In cycling, etiquette means safety. For the AIDS/LifeCycle, the rules are laid out in the infamous Safety Speech. Other organized rides have similar rules to guide civility, for instance see the rules at ms150. Other sets of rules are available, such as the over-wrought (tongue-in-cheek?) Rules of the Velominati.
But the rules are only as useful as your preparation before your ride or your ability to recall them at key junctures. So, I’ve paired them all down to ten.
|Image Credit: Cannondale Facebook group.
- Wear your helmet at all times. (Safety is an etiquette issue because unsafe riding may interfere with another cyclist’s ride.)
- Dress appropriately. (Inappropriate dress — non cycling clothing which cannot be layered for weather — can delay or end rides. Wearing a team kit you did not earn is just rude.)
- Maintain your bicycle. (Poorly maintained bikes are prone to mechanical issues and are just plain ugly to look at.)
- Obey traffic rules. (Bicycles are vehicles under the California vehicle code. You can and will get a ticket.)
- Ride predictably. (Pay attention to traffic and other cyclists. Maintain a straight line; don’t bob and weave. Pass only on the left. Look behind you before passing.)
- Announce your intentions. (Use hand signals. Call out: “Behind you.” “On your left.” “Debris in the road.” “Stopping.” “Slowing.” — in a loud, outside voice. These work to keep other cyclists safe and riding.)
- Be self-sufficient, but accept aid when needed. (Learn how to change your flat and keep a tube and pump on you while riding. But accept help from a more-skilled cyclist to speed a return to the road. Ask if you have trouble.)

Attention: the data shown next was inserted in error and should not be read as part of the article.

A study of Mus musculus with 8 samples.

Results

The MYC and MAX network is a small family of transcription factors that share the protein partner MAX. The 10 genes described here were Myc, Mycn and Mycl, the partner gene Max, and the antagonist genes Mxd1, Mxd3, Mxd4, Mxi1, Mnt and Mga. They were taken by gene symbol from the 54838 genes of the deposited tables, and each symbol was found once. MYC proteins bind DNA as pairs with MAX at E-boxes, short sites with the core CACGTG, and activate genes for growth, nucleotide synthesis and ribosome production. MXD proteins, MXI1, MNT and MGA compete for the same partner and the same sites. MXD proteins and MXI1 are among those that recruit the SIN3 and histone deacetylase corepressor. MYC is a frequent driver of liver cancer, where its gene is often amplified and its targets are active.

- Stay hydrated and well-fed. (Nothing destroys a ride — both for the rider and his mates — faster or more completely than a bonk.)
- Help stranded riders appropriately. (Ask as you pass. If the rider indicates he needs help, stop. If you cannot help, say so. If you can, do it quickly and politely.)
- Not all riders have the same skills. (When passing, say “hi” or “good morning.” This will mitigate bad feelings. When being passed, don’t let your feelings of inadequacy guide you — if the passer was acting safely, there’s nothing wrong with it.)
And now for the corollaries:
- Own your own safety, don’t rely on others. (Thus, riders in pelotons are individually responsible for knowing if its safe to pass. Relying on another rider’s call out “CLEAR,” is unsafe, so check for oncoming traffic yourself.)
- Be fastidious about safety and the rules. (Your actions will lead others to act safely, too.)
- Don’t upbraid other cyclists while on the bike. (This only leads to hurt feelings. Instead, if you see them at a rest stop, gently point out how they might have acted more safely.)
- Be polite and smile. (Its easy to be rude, its really hard to smile and use kind words when you feel superior or belittled. Learn how to do it.)
- Propagate these rules. (If you have a blog or Facebook page, post these rules or your own rules often. Hold your riding mates to these standards.)
Over the next couple months, I’m going to write a few articles with the lead-in title “Absolute Beginners,” explaining some of the basic principles of cycling. Most of the information is stuff I’ve learned from other cyclists, bike shop mechanics, classes I’ve taken, and Google searches. Please help me out and comment with corrections, additions, or supplements which will help my readers learn about how to operate their bikes!